Energy in Moldova: Are EU prospects in Danger?

As the effects of the war in Ukraine are increasingly felt in the small neighbouring country of Moldova, several European countries gathered in Paris to coordinate assistance. The eastern European country, which was considered a potential next target for Russian military aggression in the wake of the invasion of Ukraine, has seen Russian intimidation and aggression through means similar to the ones seen by EU member states. Gas deliveries from Russia to Moldova have been drastically reduced, and several power outages have taken place throughout the country due to damage to Ukrainian energy infrastructure, a major supplier of electricity for Moldova accounting for 20% of the total electricity supply prior to the crisis.

Actions in the breakaway region of Transnistria, in the east of the country, have worsened the situation. Electricity produced at a major power plant in the region had its supply of electricity to the rest of the country cut, dealing a significant blow to the nation given the large share of electricity provided by the region: 70%. This culmination of events has led to a soaring price rate for Moldovan households. The country has now witnessed a 34% inflation rate, placing a strain on families and the government alike.

A short-term solution established by the Moldovan government has been to import gas from EU member states such as Romania and Slovakia, nonetheless, this is still insufficient in the face of such energy shortages in the country.

Prior to this conference in Paris, Germany and France had announced €200 million in support for Moldova. Additional pledges were made at the conference that took place on the 21st of November, including a further €100 million originating from France and €32 million from Germany.

Despite the aid offered by EU nations at this conference, the political and social impacts have already dawned upon Moldova. Large protests have already invaded major areas of the capital Chisinau, organised by pro-Russian parties present in the country’s parliament. These protests, led by Ilan Shor, have called upon the resignation of both pro-EU president Maia Sandu and the similarly aligned government in place.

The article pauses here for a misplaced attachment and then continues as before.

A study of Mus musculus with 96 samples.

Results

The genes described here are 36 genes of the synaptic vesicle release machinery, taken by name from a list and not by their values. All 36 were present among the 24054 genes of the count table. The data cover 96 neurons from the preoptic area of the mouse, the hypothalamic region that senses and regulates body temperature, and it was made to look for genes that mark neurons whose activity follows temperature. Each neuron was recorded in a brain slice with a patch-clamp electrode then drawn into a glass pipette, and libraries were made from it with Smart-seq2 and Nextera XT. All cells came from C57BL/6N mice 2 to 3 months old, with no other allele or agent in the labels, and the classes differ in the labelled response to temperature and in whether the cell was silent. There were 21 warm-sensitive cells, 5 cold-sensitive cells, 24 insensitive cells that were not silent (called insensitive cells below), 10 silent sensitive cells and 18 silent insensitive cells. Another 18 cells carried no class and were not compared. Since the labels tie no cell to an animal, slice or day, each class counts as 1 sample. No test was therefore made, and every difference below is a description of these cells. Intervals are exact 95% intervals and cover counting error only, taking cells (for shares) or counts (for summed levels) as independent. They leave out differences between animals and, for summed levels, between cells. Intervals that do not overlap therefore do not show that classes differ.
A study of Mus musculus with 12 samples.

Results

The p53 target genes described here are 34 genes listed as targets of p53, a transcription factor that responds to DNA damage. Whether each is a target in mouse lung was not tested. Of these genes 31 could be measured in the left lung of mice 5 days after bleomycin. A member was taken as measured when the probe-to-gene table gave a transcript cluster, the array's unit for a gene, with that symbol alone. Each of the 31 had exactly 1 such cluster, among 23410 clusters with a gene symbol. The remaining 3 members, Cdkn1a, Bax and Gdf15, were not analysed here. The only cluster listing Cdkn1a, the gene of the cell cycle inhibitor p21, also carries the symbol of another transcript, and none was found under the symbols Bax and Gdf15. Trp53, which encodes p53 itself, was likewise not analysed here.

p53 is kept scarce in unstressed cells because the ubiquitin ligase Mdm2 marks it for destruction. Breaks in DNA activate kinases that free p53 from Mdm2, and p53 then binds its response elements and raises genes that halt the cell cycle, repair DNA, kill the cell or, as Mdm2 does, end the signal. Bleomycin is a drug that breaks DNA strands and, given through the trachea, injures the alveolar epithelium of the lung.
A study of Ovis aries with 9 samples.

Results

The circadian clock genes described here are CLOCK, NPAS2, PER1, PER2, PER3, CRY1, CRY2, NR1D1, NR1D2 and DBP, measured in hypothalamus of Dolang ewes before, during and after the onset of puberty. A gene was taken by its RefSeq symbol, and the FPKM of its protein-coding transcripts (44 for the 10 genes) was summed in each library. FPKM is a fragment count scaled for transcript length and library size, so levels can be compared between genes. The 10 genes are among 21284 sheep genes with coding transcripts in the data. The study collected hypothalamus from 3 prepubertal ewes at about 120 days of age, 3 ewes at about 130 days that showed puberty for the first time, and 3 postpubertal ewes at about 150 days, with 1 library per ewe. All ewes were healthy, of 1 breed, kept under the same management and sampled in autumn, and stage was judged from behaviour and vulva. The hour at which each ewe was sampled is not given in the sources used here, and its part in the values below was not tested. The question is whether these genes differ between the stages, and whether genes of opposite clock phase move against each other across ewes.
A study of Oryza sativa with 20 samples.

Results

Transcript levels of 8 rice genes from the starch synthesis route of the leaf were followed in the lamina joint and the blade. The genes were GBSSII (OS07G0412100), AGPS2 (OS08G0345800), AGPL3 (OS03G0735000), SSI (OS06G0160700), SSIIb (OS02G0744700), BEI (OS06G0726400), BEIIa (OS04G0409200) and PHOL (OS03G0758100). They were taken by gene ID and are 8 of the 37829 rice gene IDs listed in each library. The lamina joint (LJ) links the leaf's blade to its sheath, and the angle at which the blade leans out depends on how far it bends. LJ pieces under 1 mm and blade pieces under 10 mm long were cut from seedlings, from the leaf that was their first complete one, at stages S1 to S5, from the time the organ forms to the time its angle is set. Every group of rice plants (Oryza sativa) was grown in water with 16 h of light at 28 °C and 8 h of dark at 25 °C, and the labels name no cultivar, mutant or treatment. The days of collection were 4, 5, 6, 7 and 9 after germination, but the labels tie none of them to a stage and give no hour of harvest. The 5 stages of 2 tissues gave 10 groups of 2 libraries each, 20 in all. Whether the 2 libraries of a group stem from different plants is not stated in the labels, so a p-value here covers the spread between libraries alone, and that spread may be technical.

Impacts on EU membership ambitions

Moldova elected a fiercely pro-EU president to power in 2020, beating out pro-Russia incumbent Igor Dodon. President Maia Sandu is currently backed by a strong majority in parliament and a robust government that shares her values and visions. Nevertheless, weaknesses in the future of their EU ambition have begun to appear.

The European Union delivered candidate status to Moldova and Ukraine in June of this year, after the Russian invasion of Ukraine. Both nations, together with Georgia, have shown strong ambition in the past years to join the EU. Yet, this candidate status carries strong expectations on the part of current EU member states in the light of reform in these nations. In Moldova, the justice system, corruption and protection of human rights are all areas where reform has been demanded by the bloc of 27. Although strong ambition seemed to be the guiding statement of the Moldovan government, a long series of crises including this energy crisis have disabled the ability and focus of the government to carry out these imperative reforms. President Sandu herself has stated that this new crisis has the possibility to "jeopardize our social peace and security”.

In an opinion piece written by President Sandu, she highlights the major reforms that the government undertook in the areas of press freedom and money laundering. Economic growth is equally mentioned in the successes of their government. However, the ending of the opinion piece points to a dark next chapter in the book of Moldovan history: “we can’t do this alone”. Government ministers have highlighted the need for more interconnectedness between the EU and the former-Soviet nation, with Nicu Popescu, the minister for foreign affairs, emphasising on the need for these projects to move faster. Public opinion in Moldova has also begun to show signs of impatience and fatigue towards EU integration and the policies that come with it, with many considering the energy crisis of more importance than EU plans.

Among all of these obstacles, a major issue remains in the country: the previously mentioned breakaway region of Transnistria. Russian influence remains strong in the region, with Russian state TV being strongly present and with there being over 1 500 Russian troops permanently stationed. Tensions in this region have only grown in the past months. The region’s state security ministry was shelled in Tiraspol in April and several false alarms regarding bombs and other risks were sounded in the region. With such a tense and volatile standoff within the country in the future, EU membership is unlikely given the necessity for the “stability of institutions”, outlined in the Copenhagen Criteria of 1993, in order to become a member.

Fatigue over EU membership processes have also been seen among the Western Balkans, some of which have been candidates for EU accession for over a decade. Leaders from the region have expressed their disappointment with the progress of their candidacies.

For the present however, Moldova can count on the newly formed European Political Community for relations with EU member states and their partners on the continent. The choice of Moldova for the group’s conference in 2023 was welcomed by President Sandu, stating it is a “a sign of support we value highly”.